Future high-wage earners could see their traditional Social Security (search) checks replaced by the proceeds of the personal investment accounts proposed by President Bush, according to a report by the nonpartisan research agency used by Congress.

The traditional checks would disappear as the result of two factors: the cut in benefits the president has proposed for all people who open private accounts, and a change that would diminish checks by linking their growth to prices instead of wages, an option the president has said he would consider.

Both trends would have the effect of eliminating the Social Security check for a hypothetical group: someone born next year who goes on to a career as what Social Security considers a "scaled high earner," which this year is a person with annual average earnings of $56,091.

The White House dismissed the study and its chief assumption: that the percentage of income that a worker could put into his account would continue to grow over the years. Bush has proposed capping it at 4 percent of the income eligible for Social Security taxes. Another 8.4 percent of taxable income would continue to flow into the trust fund used to issue Social Security taxes.

The study surfaced as House Republicans, just back from a two-week break, vowed to press ahead with plans for legislation this year.

"This is like being for the Civil Rights Bill (search) in 1960," said Rep. Tom Cole, R-Okla., emerging from a meeting of the rank and file. "You may not win but it makes you feel good and you're on the right side."

Rep. Roy Blunt of Missouri, the third-ranking GOP leader, declined to offer a timetable for legislation, and the leadership omitted the measure from a list of bills it hopes to pass over the next two months.

Blunt and other Republicans attacked Democrats, who are virtually unanimous in opposing Bush's plans for personal accounts for younger workers.

The analysis was performed by the Congressional Research Service (search) at the request of Rep. Charles B. Rangel, D-N.Y. It was based on an array of assumptions about how Social Security legislation might take shape and eventually effect high-wage earners.

"For these individuals, their entire Social Security income would be comprised solely of their individual account proceeds," said the report.

Other wage groups, as well as people retiring before 2071, when a person born next year would be 65, would still receive some form of traditional benefit check, according to the analysis.

The White House continues to push for the investment accounts, which it argues are necessary to cushion the blow of any future benefit cuts, but Democrats remain uncommonly united against the proposal, arguing that Bush is trying to kill off Social Security by siphoning off the tax revenues needed to provide benefit checks.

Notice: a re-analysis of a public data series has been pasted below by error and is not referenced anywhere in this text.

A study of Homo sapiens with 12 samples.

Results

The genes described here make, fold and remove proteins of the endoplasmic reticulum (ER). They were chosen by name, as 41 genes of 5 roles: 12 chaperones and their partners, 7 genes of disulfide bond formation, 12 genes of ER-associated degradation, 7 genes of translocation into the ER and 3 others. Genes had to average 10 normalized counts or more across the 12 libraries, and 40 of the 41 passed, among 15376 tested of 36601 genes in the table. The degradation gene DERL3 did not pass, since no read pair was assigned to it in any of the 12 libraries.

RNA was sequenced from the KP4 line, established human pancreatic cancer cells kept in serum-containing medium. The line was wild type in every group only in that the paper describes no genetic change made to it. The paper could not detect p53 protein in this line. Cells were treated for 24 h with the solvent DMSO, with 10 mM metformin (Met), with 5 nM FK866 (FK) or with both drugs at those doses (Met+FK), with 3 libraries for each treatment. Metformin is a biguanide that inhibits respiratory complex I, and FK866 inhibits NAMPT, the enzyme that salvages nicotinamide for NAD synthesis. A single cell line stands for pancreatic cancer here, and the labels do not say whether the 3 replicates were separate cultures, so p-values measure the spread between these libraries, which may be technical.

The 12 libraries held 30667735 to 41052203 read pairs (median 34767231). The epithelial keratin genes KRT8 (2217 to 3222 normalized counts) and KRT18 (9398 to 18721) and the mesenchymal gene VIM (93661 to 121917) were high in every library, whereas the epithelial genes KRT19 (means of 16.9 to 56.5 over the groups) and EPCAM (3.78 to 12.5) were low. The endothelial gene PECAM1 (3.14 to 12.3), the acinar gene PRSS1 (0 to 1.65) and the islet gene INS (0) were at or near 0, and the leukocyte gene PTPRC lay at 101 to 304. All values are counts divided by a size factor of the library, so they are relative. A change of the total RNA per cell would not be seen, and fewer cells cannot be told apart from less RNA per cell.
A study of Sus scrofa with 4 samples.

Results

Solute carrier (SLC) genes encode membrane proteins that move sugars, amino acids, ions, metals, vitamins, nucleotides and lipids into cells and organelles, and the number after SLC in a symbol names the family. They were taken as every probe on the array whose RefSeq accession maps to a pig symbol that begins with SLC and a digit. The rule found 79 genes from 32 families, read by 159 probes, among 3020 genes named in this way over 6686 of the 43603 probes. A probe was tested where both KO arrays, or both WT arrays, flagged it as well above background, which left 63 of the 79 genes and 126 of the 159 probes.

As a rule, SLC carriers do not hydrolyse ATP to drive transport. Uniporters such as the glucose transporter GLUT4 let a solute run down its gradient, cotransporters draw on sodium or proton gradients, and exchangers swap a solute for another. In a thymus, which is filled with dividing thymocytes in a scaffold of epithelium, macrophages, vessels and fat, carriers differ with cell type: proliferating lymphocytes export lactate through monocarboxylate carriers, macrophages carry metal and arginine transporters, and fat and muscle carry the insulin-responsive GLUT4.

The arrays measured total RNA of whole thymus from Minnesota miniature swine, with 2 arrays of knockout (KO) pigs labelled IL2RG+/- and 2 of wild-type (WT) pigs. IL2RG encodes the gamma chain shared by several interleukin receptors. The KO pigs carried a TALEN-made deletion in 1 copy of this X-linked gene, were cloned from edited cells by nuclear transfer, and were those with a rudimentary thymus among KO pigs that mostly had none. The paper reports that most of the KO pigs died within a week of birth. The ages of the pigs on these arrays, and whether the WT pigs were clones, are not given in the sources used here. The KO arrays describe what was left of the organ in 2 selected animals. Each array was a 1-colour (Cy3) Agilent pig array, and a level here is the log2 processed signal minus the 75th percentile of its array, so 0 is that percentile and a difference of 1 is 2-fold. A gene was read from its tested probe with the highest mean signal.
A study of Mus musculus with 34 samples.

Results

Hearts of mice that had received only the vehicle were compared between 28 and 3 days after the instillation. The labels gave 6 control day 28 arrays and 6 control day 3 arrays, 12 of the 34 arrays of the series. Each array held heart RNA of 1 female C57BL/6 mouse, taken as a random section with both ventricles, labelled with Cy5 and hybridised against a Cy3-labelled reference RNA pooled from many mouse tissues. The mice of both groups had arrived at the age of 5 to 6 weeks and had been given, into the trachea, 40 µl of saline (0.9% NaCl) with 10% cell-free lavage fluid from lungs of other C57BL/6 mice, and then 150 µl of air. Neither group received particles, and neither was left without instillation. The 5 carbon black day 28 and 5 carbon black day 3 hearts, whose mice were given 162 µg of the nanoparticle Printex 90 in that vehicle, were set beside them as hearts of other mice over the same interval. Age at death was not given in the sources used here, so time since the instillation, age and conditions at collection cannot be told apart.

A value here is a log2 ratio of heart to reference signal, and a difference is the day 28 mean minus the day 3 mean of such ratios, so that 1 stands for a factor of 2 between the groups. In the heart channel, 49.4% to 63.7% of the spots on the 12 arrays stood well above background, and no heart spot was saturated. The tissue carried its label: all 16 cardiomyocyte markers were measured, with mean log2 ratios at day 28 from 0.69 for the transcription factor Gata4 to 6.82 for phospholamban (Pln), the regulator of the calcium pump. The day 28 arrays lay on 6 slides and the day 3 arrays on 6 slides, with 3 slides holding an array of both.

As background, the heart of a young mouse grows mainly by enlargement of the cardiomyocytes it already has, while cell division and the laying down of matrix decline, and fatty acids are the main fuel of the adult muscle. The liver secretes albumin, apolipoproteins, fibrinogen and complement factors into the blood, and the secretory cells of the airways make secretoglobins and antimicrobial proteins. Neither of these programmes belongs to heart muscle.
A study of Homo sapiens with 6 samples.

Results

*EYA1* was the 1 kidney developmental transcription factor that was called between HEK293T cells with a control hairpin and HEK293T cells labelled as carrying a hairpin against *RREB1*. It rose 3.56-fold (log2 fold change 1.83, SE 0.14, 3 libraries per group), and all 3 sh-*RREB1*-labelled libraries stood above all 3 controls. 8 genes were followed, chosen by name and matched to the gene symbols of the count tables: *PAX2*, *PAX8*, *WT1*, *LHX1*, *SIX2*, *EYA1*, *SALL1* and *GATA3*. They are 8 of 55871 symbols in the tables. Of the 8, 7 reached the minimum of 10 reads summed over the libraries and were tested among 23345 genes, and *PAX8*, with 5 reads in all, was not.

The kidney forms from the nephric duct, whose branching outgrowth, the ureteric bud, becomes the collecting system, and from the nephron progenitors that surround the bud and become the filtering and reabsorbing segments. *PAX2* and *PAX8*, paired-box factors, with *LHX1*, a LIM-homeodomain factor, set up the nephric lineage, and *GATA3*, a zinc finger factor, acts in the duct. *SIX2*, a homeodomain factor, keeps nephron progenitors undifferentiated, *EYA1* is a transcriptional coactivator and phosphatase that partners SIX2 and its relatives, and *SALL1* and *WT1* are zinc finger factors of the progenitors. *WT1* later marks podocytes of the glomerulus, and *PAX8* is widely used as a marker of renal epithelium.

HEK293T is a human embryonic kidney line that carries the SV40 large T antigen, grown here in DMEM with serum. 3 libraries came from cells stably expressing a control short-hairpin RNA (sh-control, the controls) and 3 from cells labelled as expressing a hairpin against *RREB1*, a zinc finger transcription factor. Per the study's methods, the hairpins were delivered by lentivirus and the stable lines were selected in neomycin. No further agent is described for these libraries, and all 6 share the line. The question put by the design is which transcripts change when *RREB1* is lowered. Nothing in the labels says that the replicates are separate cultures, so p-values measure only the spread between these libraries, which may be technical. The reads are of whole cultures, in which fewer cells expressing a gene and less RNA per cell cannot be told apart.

The office of Rep. Nancy Pelosi of California, the top Democrat in the House, said the study proves "that advocates of private accounts are inaccurate to argue that the accounts would be a modest addition to Social Security and a carrot to enable passage of modest benefit cuts that preserve Social Security.

"Rather than preserve Social Security, private accounts would actually put us on the road to eliminating Social Security," Pelosi said.

White House spokesman Trent Duffy disputed that as well as the underpinnings of the study, saying, "It's based on an assumption that's not been decided yet (price indexing), so it's an exercise in futility and it doesn't represent the president's plan. The president doesn't anticipate any benefit changes until we work with the Congress."

Chief among the assumptions underlying the 13-page report was that workers will be able to save an increasingly large amount of their earnings in the private accounts. To date the basic principles outlined by the president have said workers will be able to contribute up to 4 percent of their wages covered by Social Security to the accounts, although the amount would initially be capped at $1,000.

"The president hasn't suggested that," Duffy said of the contribution increase assumed by the study's authors.

In addition, the research service assumed that workers would retire at 65, two years earlier than the current retirement age. Early retirement reduces the size of the traditional benefit check.

The report also assumed the use of price indexing when determining the size of traditional benefit checks, instead of the traditional link to wages, which are expected to grow faster.

Both assumptions would allow the private accounts to grow while the size of traditional benefit checks diminishes, creating a point in the future where the check is offset by the payout from the account, the report concluded.